If you pay attention to the pages of the News & Observer, or listen to other local media soothsayers, you will over time derive their principles of economic growth for our great state. But most people haven’t the time or the patience for that, so here are many that I’ve been able to glean:

  • Pay job seekers to stay unemployed for nearly two full years so as to avoid taking a job just to earn money and thereby being ‘chained to their jobs
  • Raise sales tax rates across the board
  • Don’t raise sales tax rates on services in conjunction with decreasing income tax rates, because the poor pay for services and can’t afford higher costs
  • Hike service costs through occupational licensing‘s effects instead
  • Suffer no cuts to income taxes at all
  • Oppose cutting corporate taxes across the board — treat the idea as corrupt crony businesses taking advantage of poor North Carolinians
  • Decrease corporate taxes for renewable energy firms, film productions, and a select few other businesses if we like them
  • Raise electricity rates on everyone — poor people, families, schools, warehouses, businesses, etc. — and force people to buy from those same renewable energy firms because tax cuts still aren’t enough to keep them afloat and we really like them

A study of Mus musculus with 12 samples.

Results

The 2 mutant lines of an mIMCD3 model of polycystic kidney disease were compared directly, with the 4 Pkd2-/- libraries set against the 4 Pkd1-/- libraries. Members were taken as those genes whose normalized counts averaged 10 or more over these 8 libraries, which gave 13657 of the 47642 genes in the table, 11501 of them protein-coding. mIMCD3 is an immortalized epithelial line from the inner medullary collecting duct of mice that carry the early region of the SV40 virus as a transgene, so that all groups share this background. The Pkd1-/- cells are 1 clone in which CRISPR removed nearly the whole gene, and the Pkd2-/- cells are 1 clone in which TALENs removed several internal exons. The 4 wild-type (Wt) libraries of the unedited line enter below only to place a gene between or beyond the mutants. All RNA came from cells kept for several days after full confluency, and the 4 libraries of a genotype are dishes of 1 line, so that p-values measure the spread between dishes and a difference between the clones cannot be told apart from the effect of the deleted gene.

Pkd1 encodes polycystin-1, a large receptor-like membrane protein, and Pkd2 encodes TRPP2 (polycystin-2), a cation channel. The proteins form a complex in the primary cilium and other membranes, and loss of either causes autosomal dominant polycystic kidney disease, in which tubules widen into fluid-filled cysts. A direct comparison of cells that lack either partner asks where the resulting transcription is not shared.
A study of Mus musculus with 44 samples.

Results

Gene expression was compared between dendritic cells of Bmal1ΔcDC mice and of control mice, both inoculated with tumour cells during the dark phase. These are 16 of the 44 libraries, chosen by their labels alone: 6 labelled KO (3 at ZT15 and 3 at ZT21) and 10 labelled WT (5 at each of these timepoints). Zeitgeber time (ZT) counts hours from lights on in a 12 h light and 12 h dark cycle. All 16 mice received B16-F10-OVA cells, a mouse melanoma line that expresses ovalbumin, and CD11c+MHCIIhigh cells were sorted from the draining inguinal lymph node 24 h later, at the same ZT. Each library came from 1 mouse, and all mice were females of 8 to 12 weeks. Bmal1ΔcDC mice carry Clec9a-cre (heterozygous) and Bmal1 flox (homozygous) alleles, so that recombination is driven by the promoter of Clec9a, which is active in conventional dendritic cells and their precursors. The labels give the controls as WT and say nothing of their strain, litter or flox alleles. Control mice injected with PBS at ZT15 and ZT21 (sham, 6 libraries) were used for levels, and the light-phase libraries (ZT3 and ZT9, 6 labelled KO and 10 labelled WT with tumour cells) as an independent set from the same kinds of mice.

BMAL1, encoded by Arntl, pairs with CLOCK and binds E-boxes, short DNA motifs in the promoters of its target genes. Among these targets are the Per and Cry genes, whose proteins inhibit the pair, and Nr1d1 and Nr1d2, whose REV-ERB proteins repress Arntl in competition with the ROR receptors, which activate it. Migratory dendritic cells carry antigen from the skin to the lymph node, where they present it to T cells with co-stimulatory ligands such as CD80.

• Fight reductions in regulation and bureaucratic red tape
  • Fight a modest increase in regulation of abortion clinics to be on par with regulation of other outpatient medical clinics — drive home a rhetorical case that protecting the privacy of women in such intimate, unguarded situations is sacrosanct
  • Give men unquestioned access to girls’ dressing rooms and bathrooms so as to project properly aligned concern for civil rights
  • Push policies that boost outsiders’ perception of the North Carolina’s “progressive image,” which is an economic growth key
  • Force a massive increase in wage costs on business across North Carolina, even the poorest counties — more than doubling the minimum wage to include forcing wage hikes on companies paying workers, for example, $9/hr., $10/hr, … even $14.50/hr.

Have I missed anything? I would hate to leave out any one of these great economists’ plan for a powerhouse North Carolina, shackled as it is by policymakers cruelly enslaving it to empirically sound principles for economic growth.